In ordinary times, checks and balances and the separation of powers between co-equal branches of government – legislative, judicial, and executive – are a defining feature of American governance on both the state and local level.
But in extraordinary times – states of emergency – governors and presidents have by tradition and precedent been granted great deference to act unilaterally by executive order.
As Alexander Hamilton argued in Federalist No. 23 in 1787, because “the circumstances which may affect the public safety” cannot be reduced “within certain determinate limits … there can be no limitation of that authority which is to provide for the defense and protection of the community in any matter essential to its efficacy.”
On the state level in Connecticut, business hours were curtailed by Gov. Marcus Holcomb without legislative approval during the First World War, and Gov. Raymond Baldwin amended voting law by executive order during World War Two – both times without challenge.
With an estimated 116,000 deaths to date across the United States from COVID-19 – equaling the total of American deaths during WWI – we do not question either the declaration or the exercise of emergency powers by Gov. Ned Lamont.
Connecticut lost 4,347 to WWII and has lost almost as many in a few months to COVID-19.
This is no flu.
Given the speed, scale and novelty of the challenge initially posed by COVID-19 to the elderly and the providers tasked with caring for them, in particular, it is understandable (if perhaps misguided) that Gov. Ned Lamont would grant nursing home operators immunity from civil lawsuits. Even the news that Lamont drafted the executive order based on language directly provided by industry advocates, while concerning, is not entirely persuasive that he acted corruptly or in error.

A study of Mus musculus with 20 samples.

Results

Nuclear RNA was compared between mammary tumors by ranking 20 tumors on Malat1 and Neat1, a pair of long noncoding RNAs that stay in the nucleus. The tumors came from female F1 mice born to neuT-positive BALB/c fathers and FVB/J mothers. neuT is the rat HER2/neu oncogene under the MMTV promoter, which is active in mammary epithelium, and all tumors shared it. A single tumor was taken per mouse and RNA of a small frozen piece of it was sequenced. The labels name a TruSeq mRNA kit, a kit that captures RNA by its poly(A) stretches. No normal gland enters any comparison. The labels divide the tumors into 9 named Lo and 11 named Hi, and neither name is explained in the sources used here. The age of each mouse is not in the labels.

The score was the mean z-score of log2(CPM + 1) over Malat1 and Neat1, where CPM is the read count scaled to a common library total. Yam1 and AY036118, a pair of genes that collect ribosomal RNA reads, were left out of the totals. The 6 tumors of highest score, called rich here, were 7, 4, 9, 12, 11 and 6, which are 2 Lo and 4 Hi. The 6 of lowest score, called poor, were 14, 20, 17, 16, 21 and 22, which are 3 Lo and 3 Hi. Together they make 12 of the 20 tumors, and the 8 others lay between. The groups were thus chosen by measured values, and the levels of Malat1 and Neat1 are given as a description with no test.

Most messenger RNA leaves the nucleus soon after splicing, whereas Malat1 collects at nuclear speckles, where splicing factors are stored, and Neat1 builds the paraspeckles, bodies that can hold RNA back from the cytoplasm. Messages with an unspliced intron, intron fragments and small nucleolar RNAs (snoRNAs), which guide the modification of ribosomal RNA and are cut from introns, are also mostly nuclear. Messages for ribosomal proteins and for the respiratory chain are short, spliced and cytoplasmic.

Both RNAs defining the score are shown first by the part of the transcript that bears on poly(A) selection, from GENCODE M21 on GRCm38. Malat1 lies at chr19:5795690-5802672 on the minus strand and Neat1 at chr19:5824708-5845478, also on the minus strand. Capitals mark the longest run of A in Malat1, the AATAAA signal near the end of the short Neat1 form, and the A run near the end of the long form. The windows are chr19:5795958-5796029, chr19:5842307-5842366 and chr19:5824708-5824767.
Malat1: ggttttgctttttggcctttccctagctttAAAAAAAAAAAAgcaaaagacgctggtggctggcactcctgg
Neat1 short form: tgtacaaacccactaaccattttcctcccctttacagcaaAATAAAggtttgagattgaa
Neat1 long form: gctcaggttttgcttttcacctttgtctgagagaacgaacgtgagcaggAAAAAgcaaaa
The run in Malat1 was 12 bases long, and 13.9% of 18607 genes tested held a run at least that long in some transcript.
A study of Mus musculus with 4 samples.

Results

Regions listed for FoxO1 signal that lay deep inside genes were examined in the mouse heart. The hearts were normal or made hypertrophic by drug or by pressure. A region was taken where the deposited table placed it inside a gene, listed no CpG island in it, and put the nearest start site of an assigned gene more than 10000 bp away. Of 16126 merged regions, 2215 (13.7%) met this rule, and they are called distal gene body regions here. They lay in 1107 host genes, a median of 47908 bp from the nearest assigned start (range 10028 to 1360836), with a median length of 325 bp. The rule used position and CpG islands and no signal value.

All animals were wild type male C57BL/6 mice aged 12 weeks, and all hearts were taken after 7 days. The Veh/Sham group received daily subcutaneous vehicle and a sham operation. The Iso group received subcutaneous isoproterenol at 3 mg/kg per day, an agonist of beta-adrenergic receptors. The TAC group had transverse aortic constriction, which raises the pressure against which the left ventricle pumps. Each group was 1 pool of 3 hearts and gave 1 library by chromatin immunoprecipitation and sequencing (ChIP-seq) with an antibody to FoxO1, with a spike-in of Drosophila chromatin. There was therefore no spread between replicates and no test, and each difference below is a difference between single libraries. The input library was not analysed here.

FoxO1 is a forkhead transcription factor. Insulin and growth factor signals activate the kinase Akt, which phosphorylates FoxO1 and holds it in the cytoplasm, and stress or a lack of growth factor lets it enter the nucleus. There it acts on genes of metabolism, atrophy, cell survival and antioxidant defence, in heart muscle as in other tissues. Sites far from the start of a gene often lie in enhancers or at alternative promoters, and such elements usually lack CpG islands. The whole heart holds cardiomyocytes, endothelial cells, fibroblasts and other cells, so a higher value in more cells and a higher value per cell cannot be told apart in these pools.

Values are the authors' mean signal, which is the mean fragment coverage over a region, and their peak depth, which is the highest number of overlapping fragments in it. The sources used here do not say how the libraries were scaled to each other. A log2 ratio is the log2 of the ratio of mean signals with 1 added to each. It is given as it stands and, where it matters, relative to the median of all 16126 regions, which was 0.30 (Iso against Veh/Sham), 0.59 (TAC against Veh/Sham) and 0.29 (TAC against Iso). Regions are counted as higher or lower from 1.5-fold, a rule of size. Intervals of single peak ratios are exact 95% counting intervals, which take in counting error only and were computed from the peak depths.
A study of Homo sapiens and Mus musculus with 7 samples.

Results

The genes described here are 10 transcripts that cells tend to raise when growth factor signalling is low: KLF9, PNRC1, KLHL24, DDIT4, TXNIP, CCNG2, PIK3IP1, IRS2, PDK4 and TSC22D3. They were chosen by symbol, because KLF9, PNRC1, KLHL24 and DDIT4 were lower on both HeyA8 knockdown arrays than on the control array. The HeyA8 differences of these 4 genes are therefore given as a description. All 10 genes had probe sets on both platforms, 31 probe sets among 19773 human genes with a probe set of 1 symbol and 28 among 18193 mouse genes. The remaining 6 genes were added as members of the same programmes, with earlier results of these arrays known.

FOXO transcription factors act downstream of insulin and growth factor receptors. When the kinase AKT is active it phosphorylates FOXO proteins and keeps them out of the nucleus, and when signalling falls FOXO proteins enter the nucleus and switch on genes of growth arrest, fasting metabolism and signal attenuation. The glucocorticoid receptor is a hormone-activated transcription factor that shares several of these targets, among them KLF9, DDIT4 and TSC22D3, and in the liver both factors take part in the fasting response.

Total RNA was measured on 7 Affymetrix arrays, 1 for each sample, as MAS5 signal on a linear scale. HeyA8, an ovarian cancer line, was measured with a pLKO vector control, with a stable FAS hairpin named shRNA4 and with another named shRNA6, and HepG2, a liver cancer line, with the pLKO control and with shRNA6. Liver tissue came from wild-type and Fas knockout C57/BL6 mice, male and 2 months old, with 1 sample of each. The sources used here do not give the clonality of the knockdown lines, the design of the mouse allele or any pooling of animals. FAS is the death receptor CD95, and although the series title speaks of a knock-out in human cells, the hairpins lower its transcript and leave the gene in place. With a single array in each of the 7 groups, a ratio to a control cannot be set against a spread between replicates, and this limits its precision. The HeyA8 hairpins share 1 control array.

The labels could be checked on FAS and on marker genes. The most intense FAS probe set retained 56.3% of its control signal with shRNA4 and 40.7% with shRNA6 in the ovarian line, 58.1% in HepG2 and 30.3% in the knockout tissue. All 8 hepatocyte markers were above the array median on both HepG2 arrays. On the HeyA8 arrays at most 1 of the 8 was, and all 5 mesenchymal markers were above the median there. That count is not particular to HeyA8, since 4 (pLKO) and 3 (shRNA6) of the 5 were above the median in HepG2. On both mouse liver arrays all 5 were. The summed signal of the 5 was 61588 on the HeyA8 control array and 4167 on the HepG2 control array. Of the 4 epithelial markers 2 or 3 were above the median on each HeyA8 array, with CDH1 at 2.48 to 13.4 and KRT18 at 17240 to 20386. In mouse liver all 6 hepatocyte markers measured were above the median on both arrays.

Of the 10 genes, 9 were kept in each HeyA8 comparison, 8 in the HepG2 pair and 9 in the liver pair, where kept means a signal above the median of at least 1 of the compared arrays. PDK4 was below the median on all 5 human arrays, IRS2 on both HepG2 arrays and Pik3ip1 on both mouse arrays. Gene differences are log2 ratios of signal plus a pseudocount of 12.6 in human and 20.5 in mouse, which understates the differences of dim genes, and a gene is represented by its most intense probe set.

However, as hospital capacity concerns have eased, intermediary facilities are considered for closure, and Connecticut accelerates the phased reopening of the economy, what possible justification, or emergency, is there to extend such immunity into a possible second wave of cases, in effect allowing (as we have reported) nursing homes to fail inspection after inspection with little recourse for patients and negligible penalties for repeated and unresolved failures?
Keep in mind that such immunity from civil suits is not simply a matter of dollars and cents — or the capacity of the courts to handle what will surely be years of lawsuits in every other aspect of business not also granted immunity – an extended denial of the pre-trial discovery phase of civil proceedings removes a powerful check – necessary sunlight — on an industry which by all accounts, and recent history, has a dubious track record.
More than 2600 nursing home residents have died from COVID-19. If a second wave of COVID-19 cases does occur, surely it is most likely to sweep again over our nursing homes and our elderly.
Unfortunately, so far freed from the threat of civil penalties, we see little reason to believe that the next time will turn out much better.
This editorial was updated to change the attribution of immunity language reported in a linked story by the Washington Post, from “nursing home operators” to “industry advocates”.
The text of the Washington Post story is as follows:
“The immunity measure in Connecticut, where state officials have reported 2,500 covid-19 deaths linked to nursing homes, came after a group of health-care associations banded together to appeal for relief. In a March 31 letter to the governor’s office, reviewed by The Post, the group proposed wording for an executive order. Five days later, Lamont issued an order using some language from the letter.”